The tsunami that struck Japan in March 2011 incapacitated the Fukushima Daiichi nuclear plant, led to releases of radioactive material and left the nation reeling. Now, the World Health Organization (WHO) reports an increased estimated risk for some cancers for those located in the most contaminated parts of the Fukushima Prefecture and for about one-third of the emergency workers who responded to the disaster.
For the general population both inside and outside of Japan, however, WHO reported no observable or anticipated increase in cancer risk.
“The primary concern identified in this report is related to specific cancer risks linked to particular locations and demographic factors,” says Dr. Maria Neira, WHO Director for Public Health and Environment. “A breakdown of data, based on age, gender and proximity to the nuclear plant, does show a higher cancer risk for those located in the most contaminated parts. Outside these parts – even in locations inside Fukushima Prefecture – no observable increases in cancer incidence are expected.”
Radiation Exposure Among Workers
According to the report, around two-thirds of emergency workers who were inside the nuclear plant are estimated to have cancer risks in line with the general population, while one-third is estimated to have an increased risk. Workers may have been exposed to radiation through internal exposure from inhalation of radioactive material in the workplace; external exposure from radioactive material deposited in the workplace; external exposure from radioactive material suspended in the workplace air; external exposure from proximity to radiation sources within the damaged reactors; or external contamination from radioactive material deposited on the skin or clothes.
The assessment of emergency workers was based on the occupational doses estimated by the operator TEPCO. The exposure assessment focused on 23,172 emergency and mitigation workers, including 5,639 TEPCO employees and 17,533 contractors. Other types of workers who may have been exposed to radiation, including firemen, police officers, rescue workers, volunteers and government employees, were not included in the assessment.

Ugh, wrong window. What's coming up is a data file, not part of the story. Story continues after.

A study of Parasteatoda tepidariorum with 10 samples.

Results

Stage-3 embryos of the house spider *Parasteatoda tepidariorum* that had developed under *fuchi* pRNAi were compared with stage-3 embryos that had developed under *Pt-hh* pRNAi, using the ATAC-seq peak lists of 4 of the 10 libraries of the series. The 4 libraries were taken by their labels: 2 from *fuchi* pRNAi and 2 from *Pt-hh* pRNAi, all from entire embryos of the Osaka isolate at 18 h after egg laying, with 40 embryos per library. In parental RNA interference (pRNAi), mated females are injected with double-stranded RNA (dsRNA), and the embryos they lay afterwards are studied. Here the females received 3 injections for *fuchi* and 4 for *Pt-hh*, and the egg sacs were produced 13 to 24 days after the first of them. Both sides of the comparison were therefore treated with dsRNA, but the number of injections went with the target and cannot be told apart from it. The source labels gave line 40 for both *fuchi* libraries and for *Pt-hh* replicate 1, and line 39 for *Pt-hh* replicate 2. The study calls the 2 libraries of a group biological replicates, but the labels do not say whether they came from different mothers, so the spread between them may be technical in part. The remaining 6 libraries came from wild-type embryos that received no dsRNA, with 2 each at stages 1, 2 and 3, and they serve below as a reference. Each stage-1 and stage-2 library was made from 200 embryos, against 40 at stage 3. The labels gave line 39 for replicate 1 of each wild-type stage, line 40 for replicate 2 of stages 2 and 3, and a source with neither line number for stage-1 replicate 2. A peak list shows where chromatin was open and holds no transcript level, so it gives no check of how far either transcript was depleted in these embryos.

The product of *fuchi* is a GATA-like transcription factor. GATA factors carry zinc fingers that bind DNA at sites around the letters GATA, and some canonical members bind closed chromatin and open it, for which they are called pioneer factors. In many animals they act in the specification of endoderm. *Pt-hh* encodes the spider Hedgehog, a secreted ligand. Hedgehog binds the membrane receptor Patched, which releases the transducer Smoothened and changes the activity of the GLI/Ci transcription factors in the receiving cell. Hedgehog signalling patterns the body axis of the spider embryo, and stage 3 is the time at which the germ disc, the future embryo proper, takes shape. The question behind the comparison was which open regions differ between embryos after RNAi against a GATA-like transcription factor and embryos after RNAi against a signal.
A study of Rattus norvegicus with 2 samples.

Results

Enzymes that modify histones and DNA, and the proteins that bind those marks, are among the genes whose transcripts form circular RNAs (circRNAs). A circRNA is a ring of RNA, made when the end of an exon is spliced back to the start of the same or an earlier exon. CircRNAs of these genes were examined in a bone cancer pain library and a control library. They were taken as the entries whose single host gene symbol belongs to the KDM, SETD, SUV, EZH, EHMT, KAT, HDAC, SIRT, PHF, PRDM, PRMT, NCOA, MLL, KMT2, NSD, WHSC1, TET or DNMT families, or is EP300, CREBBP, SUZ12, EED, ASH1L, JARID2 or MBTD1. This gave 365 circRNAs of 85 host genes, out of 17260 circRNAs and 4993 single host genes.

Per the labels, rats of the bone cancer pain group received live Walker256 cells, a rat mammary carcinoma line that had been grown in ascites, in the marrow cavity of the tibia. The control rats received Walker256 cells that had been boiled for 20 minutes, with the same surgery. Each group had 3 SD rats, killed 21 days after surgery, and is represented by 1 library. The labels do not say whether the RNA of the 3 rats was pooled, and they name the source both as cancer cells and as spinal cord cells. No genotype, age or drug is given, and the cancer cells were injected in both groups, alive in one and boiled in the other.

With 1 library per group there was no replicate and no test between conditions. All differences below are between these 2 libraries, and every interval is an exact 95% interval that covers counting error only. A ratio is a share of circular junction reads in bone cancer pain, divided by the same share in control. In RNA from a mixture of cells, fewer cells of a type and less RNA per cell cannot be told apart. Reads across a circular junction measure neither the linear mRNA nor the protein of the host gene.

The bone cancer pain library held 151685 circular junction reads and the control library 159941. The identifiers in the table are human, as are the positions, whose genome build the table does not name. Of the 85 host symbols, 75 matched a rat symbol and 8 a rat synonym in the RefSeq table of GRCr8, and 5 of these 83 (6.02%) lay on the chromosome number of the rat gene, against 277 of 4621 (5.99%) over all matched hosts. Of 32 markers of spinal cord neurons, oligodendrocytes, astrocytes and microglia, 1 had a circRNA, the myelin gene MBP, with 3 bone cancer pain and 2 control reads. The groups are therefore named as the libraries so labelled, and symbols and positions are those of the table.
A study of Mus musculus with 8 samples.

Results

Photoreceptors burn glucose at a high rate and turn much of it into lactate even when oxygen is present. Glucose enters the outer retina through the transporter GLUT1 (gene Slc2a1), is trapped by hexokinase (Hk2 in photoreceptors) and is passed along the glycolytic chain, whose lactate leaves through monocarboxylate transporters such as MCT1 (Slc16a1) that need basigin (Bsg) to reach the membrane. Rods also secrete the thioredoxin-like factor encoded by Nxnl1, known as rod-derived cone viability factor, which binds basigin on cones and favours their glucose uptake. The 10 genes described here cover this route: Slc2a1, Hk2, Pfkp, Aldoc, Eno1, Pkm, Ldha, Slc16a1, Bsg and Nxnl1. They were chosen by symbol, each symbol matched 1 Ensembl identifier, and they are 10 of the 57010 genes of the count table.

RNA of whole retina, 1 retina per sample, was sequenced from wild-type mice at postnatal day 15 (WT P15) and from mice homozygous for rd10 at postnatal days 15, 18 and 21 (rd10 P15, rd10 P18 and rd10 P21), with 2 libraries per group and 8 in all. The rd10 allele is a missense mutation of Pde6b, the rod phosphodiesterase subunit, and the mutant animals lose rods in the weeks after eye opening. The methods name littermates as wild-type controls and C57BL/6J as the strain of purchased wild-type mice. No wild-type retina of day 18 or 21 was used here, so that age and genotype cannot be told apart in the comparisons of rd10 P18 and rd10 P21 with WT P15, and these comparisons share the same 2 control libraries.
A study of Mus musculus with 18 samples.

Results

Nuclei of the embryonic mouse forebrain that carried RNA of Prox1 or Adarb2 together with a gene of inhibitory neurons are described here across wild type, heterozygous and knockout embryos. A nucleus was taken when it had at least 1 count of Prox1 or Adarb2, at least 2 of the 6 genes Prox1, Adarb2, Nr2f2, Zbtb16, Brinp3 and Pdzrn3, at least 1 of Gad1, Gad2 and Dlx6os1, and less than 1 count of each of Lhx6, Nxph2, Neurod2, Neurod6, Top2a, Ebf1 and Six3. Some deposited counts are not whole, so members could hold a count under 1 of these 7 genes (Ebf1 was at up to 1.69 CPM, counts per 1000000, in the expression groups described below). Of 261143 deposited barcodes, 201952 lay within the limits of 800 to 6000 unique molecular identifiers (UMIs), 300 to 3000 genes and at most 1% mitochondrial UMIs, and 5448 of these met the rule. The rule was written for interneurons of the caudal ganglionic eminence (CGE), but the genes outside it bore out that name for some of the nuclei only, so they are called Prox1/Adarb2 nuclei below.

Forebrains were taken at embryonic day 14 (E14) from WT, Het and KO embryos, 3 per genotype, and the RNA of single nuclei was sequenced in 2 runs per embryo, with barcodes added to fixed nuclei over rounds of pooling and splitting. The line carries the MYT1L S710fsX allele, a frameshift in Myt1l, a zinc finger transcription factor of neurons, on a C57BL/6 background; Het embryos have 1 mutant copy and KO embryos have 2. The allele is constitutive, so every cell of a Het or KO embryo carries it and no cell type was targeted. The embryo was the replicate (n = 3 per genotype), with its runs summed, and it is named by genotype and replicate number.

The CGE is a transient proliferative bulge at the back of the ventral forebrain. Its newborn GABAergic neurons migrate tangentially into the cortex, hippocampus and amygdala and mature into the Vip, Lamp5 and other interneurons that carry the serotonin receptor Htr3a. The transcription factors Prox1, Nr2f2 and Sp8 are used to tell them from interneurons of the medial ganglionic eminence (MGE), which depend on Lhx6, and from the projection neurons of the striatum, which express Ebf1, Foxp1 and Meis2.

“Based on the results of the internal dose estimation, TEPCO concluded that workers with the highest internal doses were those working in a central control room,” the report notes. “Stable iodine tablets were distributed to emergency workers beginning 13 March 2011. So far, no health effects have been observed for workers exceeding the dose limits.”
All estimates of workers’ doses are considered preliminary as data collection and analysis continues.
The Public Risk
The report notes that the radiation doses from the damaged nuclear power plant are not expected to cause an increase in the incidence of miscarriages, stillbirths and other physical and mental conditions that can affect babies born after the accident.
For people in the most contaminated location, the estimated increased cancer risks over what would normally be expected are:
- All solid cancers – approximately 4 percent in females exposed as infants;
- Breast cancer – around 6 percent in females exposed as infants;
- Leukemia – around 7 percent in males exposed as infants;
- Thyroid cancer – up to 70 percent in females exposed as infants (the normally expected risk of thyroid cancer in women over lifetime is 0.75 percent, and the additional lifetime risk assessed for females exposed as infants in the most affected location is 0.50 percent).
For people in the second most contaminated location of Fukushima Prefecture, the estimated risks are approximately one-half of those in the location with the highest doses.
“The WHO report underlines the need for long-term health monitoring of those who are at high risk, along with the provision of necessary medical follow-up and support services,” said Dr. Maria Neira, WHO director for public health and environment. “This will remain an important element in the public health response to the disaster for decades.”
The report, “Health Risk Assessment from the nuclear accident after the 2011 Great East Japan Earthquake and Tsunami based on preliminary dose estimation,” is the first-ever analysis of the global health effects due to radiation exposure after the Fukushima NPP accident and is the result of a 2-year, WHO-led process of analysis of estimated doses and their potential health implications. The independent scientific experts came from the fields of radiation risk modeling, epidemiology, dosimetry, radiation effects and public health.